Supreme Court nominee Brett M. Kavanaugh generally takes a narrow approach to employment-related lawsuits, tends to refer to the plain text of statutes, and resists the urge to “legislate from the bench,” according to an assessment by the law firm Jackson Lewis.
President Donald Trump’s choice to replace retiring Justice Anthony Kennedy has been a federal judge on the U.S. Court of Appeals since 2006 and has an extensive record, which 16 attorneys analyzed for insights into his thinking on employment law, corporate governance and other issues important to the business community.
“While the nomination process was swift, the confirmation process is likely to be contentious,” the Jackson Lewis attorneys write. “Any nominee to the Supreme Court can expect deliberate and careful scrutiny, but in the context of losing Justice Kennedy’s critical ‘swing’ vote, Judge Kavanaugh’s record of judicial decisions will receive even more attention than usual.”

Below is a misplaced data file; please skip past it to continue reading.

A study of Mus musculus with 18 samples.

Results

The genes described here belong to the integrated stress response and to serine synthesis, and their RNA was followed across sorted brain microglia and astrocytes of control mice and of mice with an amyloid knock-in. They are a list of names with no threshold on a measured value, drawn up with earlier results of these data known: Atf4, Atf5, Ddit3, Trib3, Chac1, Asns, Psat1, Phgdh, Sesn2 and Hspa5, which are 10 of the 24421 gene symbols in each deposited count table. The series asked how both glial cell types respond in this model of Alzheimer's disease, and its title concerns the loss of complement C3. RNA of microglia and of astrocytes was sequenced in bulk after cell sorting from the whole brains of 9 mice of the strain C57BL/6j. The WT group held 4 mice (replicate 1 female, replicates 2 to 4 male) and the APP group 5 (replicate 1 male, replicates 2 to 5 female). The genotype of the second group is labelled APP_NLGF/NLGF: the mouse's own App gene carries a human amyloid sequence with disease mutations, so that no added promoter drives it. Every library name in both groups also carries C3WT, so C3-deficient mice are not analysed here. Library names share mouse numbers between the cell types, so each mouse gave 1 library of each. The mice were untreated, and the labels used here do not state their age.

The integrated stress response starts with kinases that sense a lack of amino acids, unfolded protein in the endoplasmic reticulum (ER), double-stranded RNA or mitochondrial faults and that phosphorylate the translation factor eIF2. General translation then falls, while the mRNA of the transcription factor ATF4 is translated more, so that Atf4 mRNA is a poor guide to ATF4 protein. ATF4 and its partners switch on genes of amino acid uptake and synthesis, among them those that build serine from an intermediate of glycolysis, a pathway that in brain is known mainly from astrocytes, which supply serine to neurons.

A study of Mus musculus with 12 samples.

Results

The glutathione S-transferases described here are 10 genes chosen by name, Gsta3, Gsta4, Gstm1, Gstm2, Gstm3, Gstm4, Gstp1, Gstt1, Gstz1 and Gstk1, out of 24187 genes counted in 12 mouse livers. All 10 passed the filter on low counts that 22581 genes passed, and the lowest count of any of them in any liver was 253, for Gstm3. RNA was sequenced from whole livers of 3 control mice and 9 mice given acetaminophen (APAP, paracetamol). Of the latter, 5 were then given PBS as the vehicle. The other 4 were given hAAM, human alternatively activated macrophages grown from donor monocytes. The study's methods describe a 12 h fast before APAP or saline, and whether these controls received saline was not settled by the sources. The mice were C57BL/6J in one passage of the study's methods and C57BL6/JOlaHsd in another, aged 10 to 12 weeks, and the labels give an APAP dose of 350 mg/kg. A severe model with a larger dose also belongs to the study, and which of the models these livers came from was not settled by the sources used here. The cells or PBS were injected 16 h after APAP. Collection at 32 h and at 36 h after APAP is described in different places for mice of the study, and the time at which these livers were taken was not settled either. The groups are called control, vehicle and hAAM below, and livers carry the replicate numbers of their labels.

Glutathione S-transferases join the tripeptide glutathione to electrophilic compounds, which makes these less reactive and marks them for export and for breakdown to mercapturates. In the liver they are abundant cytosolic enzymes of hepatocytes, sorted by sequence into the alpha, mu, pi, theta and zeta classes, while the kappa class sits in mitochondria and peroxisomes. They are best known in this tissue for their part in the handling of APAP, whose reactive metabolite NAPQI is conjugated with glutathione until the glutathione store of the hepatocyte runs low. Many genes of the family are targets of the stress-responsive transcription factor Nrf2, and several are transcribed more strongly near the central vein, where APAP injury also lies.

In some of the cases highlighted by Jackson Lewis, Kavanaugh:
- wrote a dissent saying the Consumer Financial Protection Bureau is unconstitutional because having only one director erodes the president’s Article II powers;
- argued in favor of making it easier for plaintiffs to establish a prima facie case in a discrimination case;
- wrote concurring opinions expanding the definition of adverse employment action to include refusal to grant requests for lateral transfers;
- vacated an NLRB decision that had found an employer unlawfully banned employees from wearing certain union t-shirts; and
- argued that L-1B visas do not authorize an employer to displace American workers for foreign workers for “economic expediency.”
Kavanaugh graduated from Yale Law School in 1990 and immediately began clerkships U.S. Court of Appeals judges, as well as Justice Kennedy, whom he has been nominated to replace. He spent time in private law practice, as a partner at Kirkland & Ellis in Washington, D.C. He was first Associate Counsel, and then Senior Associate Counsel to the President in the George W. Bush White House, and was Assistant to the President and Staff Secretary to the President.